A Q&A with the FBI's data czar
I told the director, I said, if they [SAIC] pull it offwith a big "if"if they pull it off, he's going to have one of the best case-management systems that the organization has seen. And he goeshe asked me, he says, "Why are you saying 'if'?"
Zalmai "Zal" Azmi, chief information officer, FBI
Feb. 14, 2005
Last February, the FBI's chief information officer sat down with Chitra Ragavan, chief legal affairs correspondent for U.S.News & World Report, to discuss the bureau's efforts to transform its antiquated computer systems. The bureau's technology woes have been blamed in part for its failure to detect or prevent the Sept. 11, 2001, terrorist attacks.
Azmi described in detail how the FBI's ambitious $170 million case-management software development project, known as Virtual Case File (VCF), ended in a costly debacle. Mueller has told Congress that taxpayers will take a $104 million bite from the VCF collapse [FBI disputes U.S.News cost estimates (6/8/05)]. Among other things, Azmi said that the contractorScience Applications International Corporationfailed to design a system that gave the FBI the security measures it needed to compartmentalize case information. Azmi blamed SAIC for planning what he thought was an overly ambitious, all-at-once transition called Flash Cut Over from the old "legacy" Automated Case Support system (ACS) to the new VCF system, rather than phasing in the transition of tens of millions of documents. He also blamed SAIC for "fast-tracking" the project to such an extent that it created "silos" of information that could not interconnect. SAIC has said it was the FBI's desire to fast-track the project that contributed to VCF's collapse. Azmi also described how the FBI found 400 bugs in the VCF software and discussed the problems with SAICa contention that runs contrary to a recently released Congressional report that said the FBI never shared the bugs with SAIC. Azmi said that FBI director Robert Mueller knew for sure in May 2004 that the VCF system was a failure. However, Mueller did not publicly acknowledge to Congress until this Februarynine months laterthat he was pulling the plug on VCF. By then the bureau had proffered hundreds of optimistic briefings to members of Congress and their staffs. Mueller also urged his 56 field-office bosses to train their agents in VCF despite knowing that the system was on life support. When they tried to take the tutorial, the program kept crashing.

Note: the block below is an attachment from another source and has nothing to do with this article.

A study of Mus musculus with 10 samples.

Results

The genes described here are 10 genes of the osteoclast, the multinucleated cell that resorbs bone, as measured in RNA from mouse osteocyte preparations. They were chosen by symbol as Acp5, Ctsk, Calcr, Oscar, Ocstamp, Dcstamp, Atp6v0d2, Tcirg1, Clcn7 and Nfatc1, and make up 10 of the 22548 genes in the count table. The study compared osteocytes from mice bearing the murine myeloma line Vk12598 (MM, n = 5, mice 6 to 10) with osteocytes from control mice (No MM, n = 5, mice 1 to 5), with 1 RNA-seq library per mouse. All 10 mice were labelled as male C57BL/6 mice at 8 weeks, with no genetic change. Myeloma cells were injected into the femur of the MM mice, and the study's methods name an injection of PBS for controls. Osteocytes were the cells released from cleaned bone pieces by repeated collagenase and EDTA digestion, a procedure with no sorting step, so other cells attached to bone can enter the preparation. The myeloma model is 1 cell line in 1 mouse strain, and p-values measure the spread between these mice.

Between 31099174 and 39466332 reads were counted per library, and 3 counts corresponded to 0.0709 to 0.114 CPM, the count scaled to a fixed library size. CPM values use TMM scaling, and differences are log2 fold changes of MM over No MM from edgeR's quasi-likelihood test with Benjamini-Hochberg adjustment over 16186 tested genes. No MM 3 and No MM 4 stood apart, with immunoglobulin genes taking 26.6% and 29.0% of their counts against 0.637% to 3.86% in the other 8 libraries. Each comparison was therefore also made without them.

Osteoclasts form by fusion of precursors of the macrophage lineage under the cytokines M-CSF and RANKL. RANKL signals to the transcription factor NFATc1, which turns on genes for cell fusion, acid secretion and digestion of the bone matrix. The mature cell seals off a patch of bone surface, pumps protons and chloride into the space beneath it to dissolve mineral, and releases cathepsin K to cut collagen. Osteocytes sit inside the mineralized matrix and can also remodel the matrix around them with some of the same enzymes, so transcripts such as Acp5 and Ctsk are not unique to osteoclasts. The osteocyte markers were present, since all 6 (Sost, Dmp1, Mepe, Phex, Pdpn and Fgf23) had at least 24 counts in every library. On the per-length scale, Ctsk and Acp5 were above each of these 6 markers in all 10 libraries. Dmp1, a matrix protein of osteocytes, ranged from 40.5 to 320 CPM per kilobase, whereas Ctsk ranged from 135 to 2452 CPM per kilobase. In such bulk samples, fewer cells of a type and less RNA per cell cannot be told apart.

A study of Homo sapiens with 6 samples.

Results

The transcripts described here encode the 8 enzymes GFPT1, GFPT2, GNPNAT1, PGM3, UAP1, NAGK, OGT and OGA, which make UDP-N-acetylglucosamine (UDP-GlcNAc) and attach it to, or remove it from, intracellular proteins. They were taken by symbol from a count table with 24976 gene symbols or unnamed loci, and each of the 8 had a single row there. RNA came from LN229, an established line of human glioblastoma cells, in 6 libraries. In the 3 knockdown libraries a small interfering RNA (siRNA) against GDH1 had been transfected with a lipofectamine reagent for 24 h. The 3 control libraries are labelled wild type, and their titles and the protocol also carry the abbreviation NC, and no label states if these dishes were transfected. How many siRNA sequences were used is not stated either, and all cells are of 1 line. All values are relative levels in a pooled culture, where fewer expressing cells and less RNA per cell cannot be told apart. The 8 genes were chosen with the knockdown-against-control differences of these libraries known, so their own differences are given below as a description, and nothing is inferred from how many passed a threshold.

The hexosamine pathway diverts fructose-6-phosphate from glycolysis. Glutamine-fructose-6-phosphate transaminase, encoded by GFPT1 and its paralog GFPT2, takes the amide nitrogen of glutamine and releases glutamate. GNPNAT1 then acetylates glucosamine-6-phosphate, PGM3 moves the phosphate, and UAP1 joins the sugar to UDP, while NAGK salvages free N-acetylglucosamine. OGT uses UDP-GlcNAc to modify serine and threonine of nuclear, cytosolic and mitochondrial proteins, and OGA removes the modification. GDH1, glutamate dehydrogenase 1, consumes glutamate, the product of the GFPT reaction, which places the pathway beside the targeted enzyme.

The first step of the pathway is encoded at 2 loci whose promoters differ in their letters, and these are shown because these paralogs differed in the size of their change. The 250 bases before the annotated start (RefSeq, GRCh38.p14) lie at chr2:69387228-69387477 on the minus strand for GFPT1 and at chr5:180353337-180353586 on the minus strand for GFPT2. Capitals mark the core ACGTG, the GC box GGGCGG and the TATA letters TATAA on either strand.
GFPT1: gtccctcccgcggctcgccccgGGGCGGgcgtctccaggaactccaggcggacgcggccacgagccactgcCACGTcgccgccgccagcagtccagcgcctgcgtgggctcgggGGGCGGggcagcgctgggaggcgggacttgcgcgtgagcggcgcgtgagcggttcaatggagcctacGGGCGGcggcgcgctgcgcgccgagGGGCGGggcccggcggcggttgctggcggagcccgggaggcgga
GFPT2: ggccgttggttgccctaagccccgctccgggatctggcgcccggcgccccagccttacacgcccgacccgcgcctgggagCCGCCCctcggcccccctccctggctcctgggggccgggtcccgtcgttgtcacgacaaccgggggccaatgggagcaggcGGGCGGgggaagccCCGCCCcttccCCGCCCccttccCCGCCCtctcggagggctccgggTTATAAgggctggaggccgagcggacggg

Here are excerpts from the U.S.News & World Report interview with Azmi.
Q: When you came to the FBI, what was the status of Virtual Case File?
A: I think it was end of November  or beginning of December, I met with SAIC to actually get a demo of their VCF Application . . . And they had said it was going to be ready for deployment, full deployment by Dec. 17, 2003. My impression was that if you really pull it off, I'll be very surprised.
Q: You told them that?
A: Yeah. We had that discussion. Cause . . . the program was very large, I mean the data migration . . . You had specific questions, on how do you migrate the data from one system to the new system. On how you handle security. And . . . really nobody could answer that question. I said, you're building your software in eight silos, how are you going to integrate the eight silos, and there was not a clear answer for that, who was in charge of consolidation. And I think that that's one thing they're [SAIC] saying . . . because they wanted to fast-track everything, they brought eight teams of software developers to develop VCF, as a result they had a code overlap , what we call it because everybody was developing their own solution.